Coach Spotlight Series: Mickey Lai

Wednesday is Friendsday here at CoachUp so we’re anxious to share our newest Coach Spotlight Series with you all! This week we’ve got Mickey Lai, one of our awesome coaches from Mountain View, California. As always, we urge our readers to reflect upon how Coach Mickey’s answers and beliefs can be wrapped into your parenting, coaching, or training sessions. Coach Mickey sent us some very thoughtful answers, so please, don’t let us delay you any longer!

CoachUp: Hey, Coach Mickey! Congrats on being selected for our Spotlight Series! For starters, tell us about yourself and your experience with basketball!

IMG_7499Mickey Lai: My Coaching Experience includes: University of California, Davis — Assistant for Women’s Division 1 Basketball Program Egan Middle School — 7th Grade Boys Basketball Los Altos High School — Freshmen Boys Basketball Mountain View High School — Girls Basketball El Camino YMCA — Private Trainings, Group Trainings CoachUp — Private Trainings, Group Trainings

CU: Why do you love basketball?

ML: My love for the game began around five years-old, watching my brothers play at Washington Park, and listening to my father tell his stories at the dinner table about the glory days as a professional player in Vietnam. In that kind of environment, it’s not much of a surprise that I strove to become the best player in the family. From then on, basketball was a huge part of my life. Over time, I exceeded my families expectations and even my own. On this journey, I found something that was beyond the game, something that I knew I would value for the rest of my life: relationships. Basketball helped me create relationships with so many people, some I would only know for only a game, some throughout a season, and some who I’ve known for most of my life. I also learned a lot about myself and realized that I’m not that different on and off the court. Basketball taught me about discipline, commitment, respect, teamwork, adversity, fun, and love. On the surface, basketball is just a game, but behind the lines, it was so much more.

CU: Why do you enjoy working with athletes?

ML: My passion to teach began when I was in first grade and my younger brother came into this world. Without a choice, I became an older brother and a role model. This experience created a great foundation before I even began professionally working with kids at summer camps, child care centers, in the classroom, and on the basketball court.

CU: What is your coaching style or philosophy?

ML: My philosophy revolves around a few pieces. First, we focus on fun. Players, myself included, need to have fun playing the sport whether it’s during competitive games or practice. If activities are fun then players will give their focus and full efforts which is usually half the battle. Secondly, we build relationships — getting to know my players and their families is a huge piece to my philosophy because we need to build trust for each other. I love learning about my players because the more I know about them, the better I can serve them.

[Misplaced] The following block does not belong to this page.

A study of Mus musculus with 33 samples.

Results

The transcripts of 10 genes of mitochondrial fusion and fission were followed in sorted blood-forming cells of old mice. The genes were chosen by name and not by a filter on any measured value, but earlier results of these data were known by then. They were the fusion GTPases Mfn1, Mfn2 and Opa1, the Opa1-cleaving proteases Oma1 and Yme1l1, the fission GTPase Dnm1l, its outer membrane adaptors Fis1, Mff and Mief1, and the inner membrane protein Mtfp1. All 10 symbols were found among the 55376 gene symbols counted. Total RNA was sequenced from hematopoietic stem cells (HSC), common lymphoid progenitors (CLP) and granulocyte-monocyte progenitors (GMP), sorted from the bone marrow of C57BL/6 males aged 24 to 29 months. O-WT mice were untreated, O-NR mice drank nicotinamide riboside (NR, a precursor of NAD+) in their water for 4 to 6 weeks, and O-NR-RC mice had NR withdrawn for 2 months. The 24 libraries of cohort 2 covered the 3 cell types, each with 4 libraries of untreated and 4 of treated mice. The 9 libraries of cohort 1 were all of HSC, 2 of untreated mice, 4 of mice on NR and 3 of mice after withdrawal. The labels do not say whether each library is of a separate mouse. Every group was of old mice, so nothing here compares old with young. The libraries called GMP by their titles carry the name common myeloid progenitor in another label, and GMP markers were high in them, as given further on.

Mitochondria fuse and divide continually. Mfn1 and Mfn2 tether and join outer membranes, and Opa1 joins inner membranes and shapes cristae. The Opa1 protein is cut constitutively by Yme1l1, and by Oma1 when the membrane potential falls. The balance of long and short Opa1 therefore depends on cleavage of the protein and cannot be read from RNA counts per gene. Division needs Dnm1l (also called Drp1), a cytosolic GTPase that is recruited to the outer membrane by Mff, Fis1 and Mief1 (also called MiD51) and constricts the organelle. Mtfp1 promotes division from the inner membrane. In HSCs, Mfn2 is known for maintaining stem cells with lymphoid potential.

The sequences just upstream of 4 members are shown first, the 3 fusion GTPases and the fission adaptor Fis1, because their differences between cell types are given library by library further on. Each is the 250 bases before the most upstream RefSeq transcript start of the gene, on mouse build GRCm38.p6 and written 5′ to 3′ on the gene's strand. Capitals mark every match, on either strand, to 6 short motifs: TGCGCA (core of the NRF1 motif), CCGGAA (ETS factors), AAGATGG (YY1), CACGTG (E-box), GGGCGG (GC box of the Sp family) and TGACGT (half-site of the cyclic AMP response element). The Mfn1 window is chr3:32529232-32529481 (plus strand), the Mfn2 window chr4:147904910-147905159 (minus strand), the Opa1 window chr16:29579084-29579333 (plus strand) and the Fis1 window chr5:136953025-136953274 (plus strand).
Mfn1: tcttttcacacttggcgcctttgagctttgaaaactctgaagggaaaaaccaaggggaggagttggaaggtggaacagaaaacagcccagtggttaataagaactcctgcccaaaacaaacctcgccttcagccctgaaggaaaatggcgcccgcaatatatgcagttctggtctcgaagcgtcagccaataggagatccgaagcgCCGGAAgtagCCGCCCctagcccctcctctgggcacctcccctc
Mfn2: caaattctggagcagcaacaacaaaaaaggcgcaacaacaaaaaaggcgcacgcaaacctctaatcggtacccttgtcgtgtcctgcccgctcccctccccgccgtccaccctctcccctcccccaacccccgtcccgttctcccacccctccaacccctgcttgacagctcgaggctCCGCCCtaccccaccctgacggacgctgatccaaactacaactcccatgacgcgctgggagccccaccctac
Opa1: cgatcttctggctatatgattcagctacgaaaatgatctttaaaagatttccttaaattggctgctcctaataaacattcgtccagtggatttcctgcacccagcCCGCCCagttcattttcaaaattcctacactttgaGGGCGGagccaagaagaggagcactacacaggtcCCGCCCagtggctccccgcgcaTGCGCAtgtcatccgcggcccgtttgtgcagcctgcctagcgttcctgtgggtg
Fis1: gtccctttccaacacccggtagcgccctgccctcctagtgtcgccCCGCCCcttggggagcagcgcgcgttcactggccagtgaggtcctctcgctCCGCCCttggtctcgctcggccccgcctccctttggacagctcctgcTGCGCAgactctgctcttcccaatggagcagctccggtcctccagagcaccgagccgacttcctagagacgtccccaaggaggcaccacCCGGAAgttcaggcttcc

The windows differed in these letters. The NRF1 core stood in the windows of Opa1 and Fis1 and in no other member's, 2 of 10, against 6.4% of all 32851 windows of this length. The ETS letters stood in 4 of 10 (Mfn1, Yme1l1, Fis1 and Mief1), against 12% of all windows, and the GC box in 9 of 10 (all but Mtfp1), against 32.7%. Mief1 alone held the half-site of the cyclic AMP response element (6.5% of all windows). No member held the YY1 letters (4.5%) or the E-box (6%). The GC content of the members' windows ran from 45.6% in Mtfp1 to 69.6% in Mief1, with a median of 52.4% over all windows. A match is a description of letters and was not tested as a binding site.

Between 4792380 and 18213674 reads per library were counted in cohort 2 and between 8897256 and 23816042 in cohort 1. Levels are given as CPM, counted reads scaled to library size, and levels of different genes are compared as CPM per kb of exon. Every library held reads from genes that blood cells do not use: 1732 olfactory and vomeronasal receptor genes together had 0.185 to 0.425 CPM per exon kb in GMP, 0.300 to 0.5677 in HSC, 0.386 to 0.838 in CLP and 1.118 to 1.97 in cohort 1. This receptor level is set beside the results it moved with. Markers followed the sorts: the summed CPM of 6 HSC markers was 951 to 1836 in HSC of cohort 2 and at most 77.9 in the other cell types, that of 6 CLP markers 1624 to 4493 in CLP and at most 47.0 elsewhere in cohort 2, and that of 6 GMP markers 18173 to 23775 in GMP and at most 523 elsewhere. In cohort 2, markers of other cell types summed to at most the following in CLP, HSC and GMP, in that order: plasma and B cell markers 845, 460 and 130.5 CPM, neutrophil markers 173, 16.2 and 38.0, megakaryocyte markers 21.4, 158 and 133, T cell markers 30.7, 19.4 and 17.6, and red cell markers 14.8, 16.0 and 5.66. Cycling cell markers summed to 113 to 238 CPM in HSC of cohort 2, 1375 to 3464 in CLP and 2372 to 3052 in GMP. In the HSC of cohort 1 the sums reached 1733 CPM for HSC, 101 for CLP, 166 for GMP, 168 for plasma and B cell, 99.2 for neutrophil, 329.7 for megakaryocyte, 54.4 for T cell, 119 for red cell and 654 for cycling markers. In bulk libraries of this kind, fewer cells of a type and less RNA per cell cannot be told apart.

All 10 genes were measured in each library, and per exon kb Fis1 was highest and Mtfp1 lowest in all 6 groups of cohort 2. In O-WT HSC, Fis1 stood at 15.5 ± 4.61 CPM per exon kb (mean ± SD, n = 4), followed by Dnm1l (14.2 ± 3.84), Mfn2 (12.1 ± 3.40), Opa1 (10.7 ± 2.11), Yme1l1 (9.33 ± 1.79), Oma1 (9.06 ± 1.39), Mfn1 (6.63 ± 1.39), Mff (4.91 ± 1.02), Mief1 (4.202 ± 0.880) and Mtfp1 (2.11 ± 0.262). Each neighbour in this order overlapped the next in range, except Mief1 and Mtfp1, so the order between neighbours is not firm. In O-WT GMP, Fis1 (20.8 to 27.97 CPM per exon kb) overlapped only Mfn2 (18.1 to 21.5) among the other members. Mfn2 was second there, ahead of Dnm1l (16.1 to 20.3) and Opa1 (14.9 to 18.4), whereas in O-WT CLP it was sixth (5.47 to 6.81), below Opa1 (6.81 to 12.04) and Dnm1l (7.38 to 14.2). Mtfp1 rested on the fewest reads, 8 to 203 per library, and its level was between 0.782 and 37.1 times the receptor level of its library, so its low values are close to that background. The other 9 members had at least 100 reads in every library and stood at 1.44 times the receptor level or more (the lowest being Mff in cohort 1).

CU: What can a client expect from private lessons with you?

ML: Clients should expect to have fun and to improve. From Kindergartens to Adults, I work with a wide-range of athletes so I always strive to make sure there’s laughter and smiles when we practice. Clients should also expect me to be hard on them when it’s necessary, but never in an inflammatory or humiliating way. Once the fundamentals are taught and the players have learned how to properly run drills, I expect the tempo to rise.

CU: What do you enjoy most about coaching?

ML: I really enjoy the relationships I build with the children and their families. Life is all about relationships and when it comes to player and coach, those will absolutely last a lifetime.

CU: Where do you train with your athletes and why?

ML: Washington Park in Sunnyvale, California. This is my home away from home for me, to put it simply. My brothers use to wrap me up in blankets and sit me on the sidelines as they played pickup games for hours. At the end of the day, this is where it all started for me and when I’m there it gives me a different kind of energy.

CU: What’s the most important advice you’d give to other coaches? To athlete’s parents?

ML: Lead by example. Too often, coaches and parents talk the talk but never walk the walk. It gives you more credibility as a role model when you can demonstrate how something should be done rather than sit back and talk at players. This also saves a lot of time when it comes to coaching because there can be so much miscommunication with verbal instruction.

CU: How do you recommend athletes train in between sessions? During off-season?

ML: Sometimes I tell players to get away from basketball for a little bit. It’s okay to step away and get your mind off of basketball because sometimes we need that. I also highly encourage players to find others sports to play. I believe that all sports intertwine and each one has its benefits that can be used when they come back to the basketball court. Bravo, Coach Mickey! Thanks for you inspirational answers and thoughtful insights. If you’re lucky enough to be in Coach Mickey’s area, please consider booking him for a training session! Additionally, you can find him at @coachedbymickey on Instagram, so go enjoy his awesome training pictures as well. Thanks again to Coach Mickey and good luck to our readers on making this your best week yet!